Villa Campiglia

Gonzaga, Maroli, Mazzucchelli, Salvi, Negri De Salvi, Negri De Salvi Rejna, Michelazzo, Municipality of Albettone
Rara immagine di Villa Campiglia, residenza dei Salvi che nell’Ottocento la trasformarono nell’attuale palazzo ex-municipio.
Affresco di Nettuno
Affresco di Marte

Villa Campiglia, Gonzaga, Maroli, Mazzucchelli, Salvi, Negri De Salvi, Negri De Salvi Rejna, Michelazzo, Municipality of Albettone

The villa was built in the fifteenth century by commission of the noble Campiglia family, more precisely the documents reveal that Marco Campiglia was the owner. He was one of the sons of Giovanni di Battista, brother of Antonio. Antonio was the owner of Palazzo Campiglia, now the Municipal Palace. After Marco’s death in 1551, the villa passed to his son Pietro Maria. That same year Pietro Maria commissioned Giovanni Antonio Fasolo (1530-1572) the frescoes, these are still visible in the room to the right of the entrance on the ground floor. A very similar artwork also by Fasolo is present in the Palladian Villa Caldogno, both of these frescoes are important because they give us an insight on entertainment, musical instruments and costumes of those times.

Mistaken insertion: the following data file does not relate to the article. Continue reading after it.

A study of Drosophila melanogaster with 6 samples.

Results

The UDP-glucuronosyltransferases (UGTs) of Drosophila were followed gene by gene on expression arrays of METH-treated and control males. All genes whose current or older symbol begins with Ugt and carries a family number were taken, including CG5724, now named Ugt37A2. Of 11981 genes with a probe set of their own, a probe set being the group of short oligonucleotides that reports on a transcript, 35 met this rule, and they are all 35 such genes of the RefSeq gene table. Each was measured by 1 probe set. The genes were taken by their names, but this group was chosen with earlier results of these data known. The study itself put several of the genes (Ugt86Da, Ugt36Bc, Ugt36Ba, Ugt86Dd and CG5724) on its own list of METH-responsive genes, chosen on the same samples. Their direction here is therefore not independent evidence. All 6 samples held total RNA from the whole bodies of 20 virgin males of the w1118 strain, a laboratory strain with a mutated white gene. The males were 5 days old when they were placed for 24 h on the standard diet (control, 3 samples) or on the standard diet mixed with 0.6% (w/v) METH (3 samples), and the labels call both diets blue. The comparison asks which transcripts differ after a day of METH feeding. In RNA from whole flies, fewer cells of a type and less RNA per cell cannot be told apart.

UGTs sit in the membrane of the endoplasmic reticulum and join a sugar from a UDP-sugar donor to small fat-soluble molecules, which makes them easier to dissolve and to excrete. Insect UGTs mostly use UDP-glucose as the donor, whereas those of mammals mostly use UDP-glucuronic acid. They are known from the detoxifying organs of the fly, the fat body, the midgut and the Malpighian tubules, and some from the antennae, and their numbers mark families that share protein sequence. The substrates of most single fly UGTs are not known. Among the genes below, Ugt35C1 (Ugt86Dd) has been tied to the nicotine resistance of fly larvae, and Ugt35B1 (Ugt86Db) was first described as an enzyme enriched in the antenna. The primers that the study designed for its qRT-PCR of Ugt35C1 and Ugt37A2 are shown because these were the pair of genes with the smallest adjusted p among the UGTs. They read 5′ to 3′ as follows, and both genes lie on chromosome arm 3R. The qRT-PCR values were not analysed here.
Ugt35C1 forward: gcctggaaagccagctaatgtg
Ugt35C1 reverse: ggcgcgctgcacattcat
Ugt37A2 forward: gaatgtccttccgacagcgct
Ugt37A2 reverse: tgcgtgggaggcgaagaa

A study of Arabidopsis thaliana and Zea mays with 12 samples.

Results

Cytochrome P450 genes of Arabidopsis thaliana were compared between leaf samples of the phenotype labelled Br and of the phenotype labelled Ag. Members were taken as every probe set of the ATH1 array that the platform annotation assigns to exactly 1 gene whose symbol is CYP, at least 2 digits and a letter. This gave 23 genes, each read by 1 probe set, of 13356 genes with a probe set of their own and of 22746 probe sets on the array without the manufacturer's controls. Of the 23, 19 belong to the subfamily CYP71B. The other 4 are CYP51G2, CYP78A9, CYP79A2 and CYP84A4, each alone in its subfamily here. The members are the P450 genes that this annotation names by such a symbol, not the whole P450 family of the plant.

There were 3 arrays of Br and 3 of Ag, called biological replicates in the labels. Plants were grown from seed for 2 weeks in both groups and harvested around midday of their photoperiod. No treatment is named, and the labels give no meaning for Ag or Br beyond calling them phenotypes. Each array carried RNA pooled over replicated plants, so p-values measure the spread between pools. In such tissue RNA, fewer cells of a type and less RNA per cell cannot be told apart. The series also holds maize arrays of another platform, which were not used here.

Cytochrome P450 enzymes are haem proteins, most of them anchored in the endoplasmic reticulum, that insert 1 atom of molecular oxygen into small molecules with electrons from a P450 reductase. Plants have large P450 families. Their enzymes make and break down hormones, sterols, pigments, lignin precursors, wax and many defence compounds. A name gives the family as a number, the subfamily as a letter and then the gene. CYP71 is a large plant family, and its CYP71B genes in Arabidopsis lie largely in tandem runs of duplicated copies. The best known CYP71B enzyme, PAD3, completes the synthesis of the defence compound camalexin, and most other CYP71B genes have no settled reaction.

In the 17th century, the villa passed from the Campiglia family to other owners. The first of which nobleman Guido Sforza Gonzaga. However, soon after Guido’s death, his heirs, because submerged in debt, were forced to sell the villa in 1648 to the Brescia nobleman Marco Maroli. The complex, although still inhabited, lost much of its lustre over time. The villa with the related appurtenances (gardens, chapel, rustic) was entirely unchanged until 1842. In this year the new owners, the Salvi counts, employed the famous architect Antonio Caregaro Negrin, to adapt the complex of buildings to their needs. They decided to incorporate the entire fifteenth-century villa into a vast neo-Gothic palazzo, with towers and battlements, open to the south over an extensive garden, giving the Villa its current appearance.

The room with the frescoes by Fasolo is the only part left of the original construction.

Subsequently, the building changed ownership from the Salvi to the Negri, and then again to the Negri De Salvi, this because of the union between Count Eugenio Negri and Countess Giovanna De Salvi. Following the death of Count Edoardo Negri De Salvi, on the 14th of February 1937 in Vicenza, these assets went by succession to the Countess Camilla Negri De Salvi, married in 1913 to Baron Alfonso Rejna Majorana. Finally, on November the 11th, 1939, the estate was purchased by the comm. Albano Michelazzo who kept the villa for ten years, until he sold it to the Municipality of Albettone in 1949.